Friday, June 28, 2013

Psychophysics Is Psychobabble?

This is a spot-on article on the seemingly fashionable practice nowadays to make some quantitative description of various ideas in social science.

Psychophysics secretly dominates our social sciences. Such physics-ing often improves experimental practice, but its mathematical methods face new challenges. As every infant knows, but too many scientists ignore, people aren’t biological billiard balls.

I'd go even further and say that people aren't even quantum balls.

Clearly, people are subject to the laws of physics. But nothing in physics chooses. Physics needs no strategies or game theory. Its main business is mechanical causation. Physics has no future. Like the best Buddhists, it feels only the forces of the present. Human psychology is different from physics precisely because it evolved to weigh and choose between forces from different possible futures.

Physics developed in situations like this: Everything of type X always does Y under conditions Z, where X, Y and Z are mathematically related. And simple scenarios such as: Every action has an equal and opposite reaction. Some people behaviors are like that. But many are not.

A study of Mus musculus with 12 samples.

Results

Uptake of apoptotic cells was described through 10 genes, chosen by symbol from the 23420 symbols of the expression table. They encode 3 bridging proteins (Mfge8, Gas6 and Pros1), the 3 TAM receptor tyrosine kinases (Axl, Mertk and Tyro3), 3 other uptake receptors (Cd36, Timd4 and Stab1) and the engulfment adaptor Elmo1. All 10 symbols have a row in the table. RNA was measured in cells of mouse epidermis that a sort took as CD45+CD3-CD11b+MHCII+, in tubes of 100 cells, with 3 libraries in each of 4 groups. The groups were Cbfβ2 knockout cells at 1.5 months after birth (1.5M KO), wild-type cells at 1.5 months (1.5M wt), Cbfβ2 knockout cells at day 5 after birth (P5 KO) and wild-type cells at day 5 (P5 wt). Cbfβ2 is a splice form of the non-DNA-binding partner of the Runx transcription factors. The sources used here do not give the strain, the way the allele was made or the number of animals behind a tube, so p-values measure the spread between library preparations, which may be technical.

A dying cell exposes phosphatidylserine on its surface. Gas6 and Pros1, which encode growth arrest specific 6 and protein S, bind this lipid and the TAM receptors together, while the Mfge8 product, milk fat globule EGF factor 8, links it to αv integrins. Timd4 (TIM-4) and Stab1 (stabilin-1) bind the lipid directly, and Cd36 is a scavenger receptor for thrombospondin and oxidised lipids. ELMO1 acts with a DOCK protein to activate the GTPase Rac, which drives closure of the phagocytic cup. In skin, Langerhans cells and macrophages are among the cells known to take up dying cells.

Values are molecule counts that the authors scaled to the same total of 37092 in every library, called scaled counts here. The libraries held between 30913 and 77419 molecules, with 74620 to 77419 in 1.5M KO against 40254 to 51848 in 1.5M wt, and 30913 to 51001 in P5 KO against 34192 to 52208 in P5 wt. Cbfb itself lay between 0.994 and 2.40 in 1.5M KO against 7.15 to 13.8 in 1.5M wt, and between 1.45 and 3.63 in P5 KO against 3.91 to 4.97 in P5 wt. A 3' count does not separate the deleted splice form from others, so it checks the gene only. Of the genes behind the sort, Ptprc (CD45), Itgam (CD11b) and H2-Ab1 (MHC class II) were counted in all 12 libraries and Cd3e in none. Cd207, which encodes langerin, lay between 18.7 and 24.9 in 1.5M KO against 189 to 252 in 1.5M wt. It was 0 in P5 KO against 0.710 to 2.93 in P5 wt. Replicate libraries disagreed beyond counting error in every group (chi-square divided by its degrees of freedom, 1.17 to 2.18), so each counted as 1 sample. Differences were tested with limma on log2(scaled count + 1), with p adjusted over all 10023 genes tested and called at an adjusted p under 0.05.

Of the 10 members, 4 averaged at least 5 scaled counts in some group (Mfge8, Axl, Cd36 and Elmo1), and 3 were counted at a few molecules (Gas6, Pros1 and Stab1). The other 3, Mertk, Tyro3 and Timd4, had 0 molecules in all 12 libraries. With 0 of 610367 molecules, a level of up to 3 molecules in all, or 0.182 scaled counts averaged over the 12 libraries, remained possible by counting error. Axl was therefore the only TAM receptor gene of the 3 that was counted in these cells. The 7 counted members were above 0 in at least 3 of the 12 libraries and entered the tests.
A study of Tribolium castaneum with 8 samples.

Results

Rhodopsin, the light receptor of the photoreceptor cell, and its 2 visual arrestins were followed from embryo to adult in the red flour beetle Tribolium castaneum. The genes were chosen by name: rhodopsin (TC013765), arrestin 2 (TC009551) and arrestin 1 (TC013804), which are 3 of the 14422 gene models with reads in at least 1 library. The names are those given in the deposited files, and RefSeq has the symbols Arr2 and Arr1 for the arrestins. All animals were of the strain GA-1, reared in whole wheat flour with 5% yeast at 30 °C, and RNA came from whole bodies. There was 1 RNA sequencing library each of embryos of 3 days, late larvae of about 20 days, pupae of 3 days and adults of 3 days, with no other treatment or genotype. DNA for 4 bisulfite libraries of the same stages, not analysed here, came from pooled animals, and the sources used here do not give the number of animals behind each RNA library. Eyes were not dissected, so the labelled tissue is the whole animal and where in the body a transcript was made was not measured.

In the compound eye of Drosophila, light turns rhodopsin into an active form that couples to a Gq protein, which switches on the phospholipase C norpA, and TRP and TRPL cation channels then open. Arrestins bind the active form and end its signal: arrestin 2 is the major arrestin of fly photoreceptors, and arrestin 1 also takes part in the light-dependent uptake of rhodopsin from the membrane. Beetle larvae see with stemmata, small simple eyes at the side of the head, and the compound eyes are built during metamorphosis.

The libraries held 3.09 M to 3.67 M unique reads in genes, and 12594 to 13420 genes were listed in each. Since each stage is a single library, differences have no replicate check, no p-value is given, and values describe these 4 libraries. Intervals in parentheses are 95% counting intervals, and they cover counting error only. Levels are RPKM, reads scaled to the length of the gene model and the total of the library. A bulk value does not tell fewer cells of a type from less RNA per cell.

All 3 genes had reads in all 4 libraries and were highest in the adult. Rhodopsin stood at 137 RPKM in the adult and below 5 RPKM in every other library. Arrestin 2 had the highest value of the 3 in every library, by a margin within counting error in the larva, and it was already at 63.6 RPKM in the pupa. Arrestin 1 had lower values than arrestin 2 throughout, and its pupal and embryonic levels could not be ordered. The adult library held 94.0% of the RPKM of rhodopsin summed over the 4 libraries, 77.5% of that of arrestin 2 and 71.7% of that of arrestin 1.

And I've lost count how many times I've seen discussion on the economy or in politics that kept on using various physics terms such as "every action there must be a reaction" in trying to justify or strengthen their arguments.

This topic is no different than the "Physics Envy" topic that I've posted quite a while back. The problem with adopting physics concepts in describing areas involving human actions and interactions is not just based on what has been said here in this article, but also the fact that many of the people who are adopting these physics concepts are not physicists, and have only a very superficial understanding of what they are adopting (think Deepak Chopra). So they may be using the same words and phrases, but they are severely bastardizing the concept.